Melatonin is a neurohormone secreted by the pineal gland in the brain and it is well known for causing and regulating sleep. Light suppresses melatonin synthesis. The primary use of melatonin as a supplement is to normalize abnormal sleep patterns.
Irregular sleep patterns are associated with a wide variety of health problems and premature aging. Melatonin is the hormone used by your body to help you fall asleep, and thus supplementation is seen as a way to get regular sleep. This is particularly useful for people who engage in shift work or are jet lagged.
Melatonin may also have general neuroprotective effects, related to its antioxidant effects. Melatonin also has several anti-cancer properties, and is currently being investigated for its role in fighting breast cancer, although human studies on the topic are lacking.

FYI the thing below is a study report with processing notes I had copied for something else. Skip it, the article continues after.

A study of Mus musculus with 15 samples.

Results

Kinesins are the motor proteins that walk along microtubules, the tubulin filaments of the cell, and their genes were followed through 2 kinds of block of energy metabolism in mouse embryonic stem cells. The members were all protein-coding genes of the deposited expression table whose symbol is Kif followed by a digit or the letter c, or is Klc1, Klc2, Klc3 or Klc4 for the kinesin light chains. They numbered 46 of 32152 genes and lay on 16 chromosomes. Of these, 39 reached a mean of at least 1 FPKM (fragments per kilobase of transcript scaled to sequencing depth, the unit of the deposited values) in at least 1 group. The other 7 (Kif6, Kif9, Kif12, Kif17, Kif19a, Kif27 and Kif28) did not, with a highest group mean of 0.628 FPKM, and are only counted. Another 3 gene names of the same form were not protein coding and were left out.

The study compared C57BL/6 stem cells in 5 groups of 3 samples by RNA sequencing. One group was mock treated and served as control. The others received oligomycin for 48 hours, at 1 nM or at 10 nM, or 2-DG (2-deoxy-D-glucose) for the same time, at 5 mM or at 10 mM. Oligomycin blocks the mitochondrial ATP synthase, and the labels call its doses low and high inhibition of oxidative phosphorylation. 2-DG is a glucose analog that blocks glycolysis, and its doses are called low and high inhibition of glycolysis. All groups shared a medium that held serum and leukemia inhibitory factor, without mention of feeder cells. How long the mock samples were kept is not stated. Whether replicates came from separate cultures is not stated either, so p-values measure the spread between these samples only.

Melatonin does not appear to have much of an effect on lean mass or body fat, but potentially stops your body from gaining more fat. Melatonin supplementation also benefits gastric (somach) health, possibly reduces tinnitus, and improve mood (by helping you get better sleep).
There are some demographics that tend to have irregular melatonin production in their body. Smokers tend to be less responsive to supplementation, and older people tend to not produce as much during night time. Depression has also been associated with lower melatonin levels.
In typical dosages, melatonin appears fairly safe. Side effects are both uncommon and usually mild, including daytime sleepiness, headache, and nausea. Very rarely, serious adverse effects resulting from melatonin supplementation (often in very high doses) have been reported.
Taking melatonin is not associated with negative feedback (when taking supplementation causes your body to produce less of a hormone). It is also not addictive.
Melatonin’s primary mechanism is by helping decrease the time it takes to fall asleep (as a hormone, that's its primary job).